Human progress has always been intertwined with our ability to harness energy, propelling us from one era to the next. From the myth of the Greek God Prometheus stealing fire to the present-day energy transition, our collective journey has been marked by ingenuity and adaptation.
Throughout history, we have transitioned from primarily using wind, water, biomass and animal power to relying on the power of the ancient sun locked in hydrocarbons buried deep beneath Earth’s surface. These shifts were driven by the pursuit of efficiency, enabling us to live more humanely by freeing us from mundane tasks and elevating our quality of life.
The current energy transition isn’t humanity’s first, but it is perhaps the most monumental. Unlike its predecessors, this transition is urgent — and must benefit everyone.
While people in wealthy economies have enjoyed the benefits of modernity, others have been disproportionately burdened by the consequences. Emerging economies, which reaped few rewards from the feast of energy progress, paradoxically now find themselves paying the price for the rise in quality of life in wealthier nations.
A successful transition will require wealthy economies, like the United States and Europe, to massively reduce their use of fossil fuels while scaling up new energy technologies. Crucially, it will also require fostering economic opportunity, social progress and climate resilience in emerging economies.
The narrative of transitioning to a low-carbon economy implies we need to move from a high-carbon one, overlooking the pressing issue of energy access. More than 600 million Africans live without electricity, impeding their economic development and potential.
Solving this challenge is not insurmountable. Universal access to modern energy across Africa would require an investment of $25 billion a year, just about 1% of global energy investments today, according to the International Energy Agency.
Diesel generators highlight the complex energy landscape of many African nations. A staggering 120 gigawatts of backup fossil-fuel generators consume over $20 billion in fuel imports, straining already fragile economies. (This is equivalent to three times the total installed power generation capacity of New York state.) These generators are a lifeline for small-scale industries and critical infrastructure and are indispensable for many communities dealing with an unreliable grid.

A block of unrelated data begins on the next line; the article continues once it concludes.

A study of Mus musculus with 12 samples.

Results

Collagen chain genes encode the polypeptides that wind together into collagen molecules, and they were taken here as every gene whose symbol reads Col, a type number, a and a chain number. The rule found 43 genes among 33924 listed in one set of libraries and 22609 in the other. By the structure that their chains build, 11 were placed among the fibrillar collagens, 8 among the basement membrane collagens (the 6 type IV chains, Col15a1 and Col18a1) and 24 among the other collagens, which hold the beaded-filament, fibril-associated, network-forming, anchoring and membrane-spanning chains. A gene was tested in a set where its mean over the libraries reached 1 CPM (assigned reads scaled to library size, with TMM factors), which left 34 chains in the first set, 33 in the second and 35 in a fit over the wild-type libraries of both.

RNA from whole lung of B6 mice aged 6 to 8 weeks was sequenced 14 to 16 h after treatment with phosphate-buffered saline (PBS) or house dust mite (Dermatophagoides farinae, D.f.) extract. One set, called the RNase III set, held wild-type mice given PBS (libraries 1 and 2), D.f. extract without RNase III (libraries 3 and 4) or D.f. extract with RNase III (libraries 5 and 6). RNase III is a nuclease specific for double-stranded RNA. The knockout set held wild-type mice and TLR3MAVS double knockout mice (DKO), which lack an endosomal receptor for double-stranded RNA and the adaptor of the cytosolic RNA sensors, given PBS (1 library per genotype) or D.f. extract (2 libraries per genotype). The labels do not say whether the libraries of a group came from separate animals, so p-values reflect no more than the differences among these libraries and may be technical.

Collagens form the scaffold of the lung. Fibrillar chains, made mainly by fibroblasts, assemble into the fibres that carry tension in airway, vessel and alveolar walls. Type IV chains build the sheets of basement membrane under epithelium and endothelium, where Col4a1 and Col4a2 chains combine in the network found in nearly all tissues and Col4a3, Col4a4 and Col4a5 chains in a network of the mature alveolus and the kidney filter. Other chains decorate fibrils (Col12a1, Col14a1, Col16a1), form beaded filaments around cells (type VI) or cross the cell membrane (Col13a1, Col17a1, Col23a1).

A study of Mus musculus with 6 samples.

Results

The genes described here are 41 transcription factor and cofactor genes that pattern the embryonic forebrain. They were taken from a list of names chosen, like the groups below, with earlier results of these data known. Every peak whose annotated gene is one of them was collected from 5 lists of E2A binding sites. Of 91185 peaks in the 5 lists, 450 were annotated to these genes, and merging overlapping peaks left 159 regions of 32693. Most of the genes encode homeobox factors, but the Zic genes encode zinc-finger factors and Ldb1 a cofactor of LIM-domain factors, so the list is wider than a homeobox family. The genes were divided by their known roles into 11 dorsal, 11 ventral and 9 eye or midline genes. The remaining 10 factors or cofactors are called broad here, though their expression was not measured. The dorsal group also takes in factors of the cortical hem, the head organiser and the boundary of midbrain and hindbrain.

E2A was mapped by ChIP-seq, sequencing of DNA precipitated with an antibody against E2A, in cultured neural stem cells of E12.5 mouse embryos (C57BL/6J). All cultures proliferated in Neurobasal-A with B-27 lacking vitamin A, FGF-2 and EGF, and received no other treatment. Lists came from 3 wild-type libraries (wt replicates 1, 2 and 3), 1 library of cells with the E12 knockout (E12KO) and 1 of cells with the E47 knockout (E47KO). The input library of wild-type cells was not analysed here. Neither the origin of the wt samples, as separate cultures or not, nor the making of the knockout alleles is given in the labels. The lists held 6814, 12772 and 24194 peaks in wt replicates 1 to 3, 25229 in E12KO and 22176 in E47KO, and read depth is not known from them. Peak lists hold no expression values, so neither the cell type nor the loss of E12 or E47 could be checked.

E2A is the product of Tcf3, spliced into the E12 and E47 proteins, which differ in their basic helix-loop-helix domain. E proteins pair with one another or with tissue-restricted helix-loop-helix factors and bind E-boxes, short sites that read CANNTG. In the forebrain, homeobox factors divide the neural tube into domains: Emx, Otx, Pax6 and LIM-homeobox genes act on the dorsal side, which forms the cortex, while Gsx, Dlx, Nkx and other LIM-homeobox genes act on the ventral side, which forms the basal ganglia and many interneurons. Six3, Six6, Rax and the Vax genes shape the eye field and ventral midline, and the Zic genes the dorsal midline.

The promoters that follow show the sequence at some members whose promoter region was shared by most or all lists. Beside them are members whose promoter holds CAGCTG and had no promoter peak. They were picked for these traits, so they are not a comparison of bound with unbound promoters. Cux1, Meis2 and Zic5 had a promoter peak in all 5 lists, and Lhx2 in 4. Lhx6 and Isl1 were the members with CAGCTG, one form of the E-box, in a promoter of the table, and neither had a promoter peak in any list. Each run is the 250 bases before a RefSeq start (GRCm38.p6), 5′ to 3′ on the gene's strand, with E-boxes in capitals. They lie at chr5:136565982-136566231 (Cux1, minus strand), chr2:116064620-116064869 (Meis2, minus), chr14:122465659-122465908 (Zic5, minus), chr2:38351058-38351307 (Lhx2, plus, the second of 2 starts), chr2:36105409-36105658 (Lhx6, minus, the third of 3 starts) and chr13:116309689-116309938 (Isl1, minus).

The replacement of standby diesel generation with solar would bring opportunities to reduce costs and provide both environmental and health benefits to communities by reducing pollution from burning fossil fuels.
The sun, abundant in Africa, holds the promise of energy freedom. Yet, the upfront costs of solar panels and the limited availability of local financing make it difficult to realize this goal. The continent’s solar energy potential remains largely untapped, accounting for just a fraction of global clean energy investment.
But the tide is turning. The energy shift presents an opportunity for collaboration — a chance for entrepreneurs to unite and create cost-effective power generation and distribution systems. These systems can be tailored to fit the unique demands of the African context, integrating green technology and reducing the need for costly fuel imports.
Household solar units operating on a pay-as-you-go (PAYGO) basis are gaining traction in parts of the continent. This mode of payment takes into consideration the daily wage of each household and can easily replace kerosene and biomass as the primary sources of heating and lighting.
Entrepreneurs, driven by private investment, are leveraging Africa’s solar potential and the flexibility of these models to bridge energy gaps. In East Africa, young companies like BBox, Mgas and Mkopa Solar are utilizing PAYGO technology to spread household solar and liquid petroleum gas as a clean cooking fuel. As of 2020, 40 million PAYGO units had been sold worldwide and the number was continuing to grow, according to the International Renewable Energy Agency.
At a larger scale, manufacturers have formed corporate power purchase contracts with private, independent power producers like PowerGen Renewable Energy and Nuru that provide rooftop solar plants to serve entire communities, such as Goma in the Democratic Republic of Congo.
To further unlock Africa’s energy potential, governments, investors, researchers, developers and innovators must learn from one another and rally behind initiatives that promote sustainable energy solutions.
The time has come to transform Africa’s abundant solar energy into a force for progress, breaking the cycle of energy poverty and fossil fuel dependency.
In the story of the energy transition, we are all not merely observers; we are protagonists, shaping the narrative for the generations to come. Just as Prometheus gifted fire to humanity, we now have the power and responsibility to ignite the flames of innovation and collaboration, lighting the path to a brighter, more equitable future for all.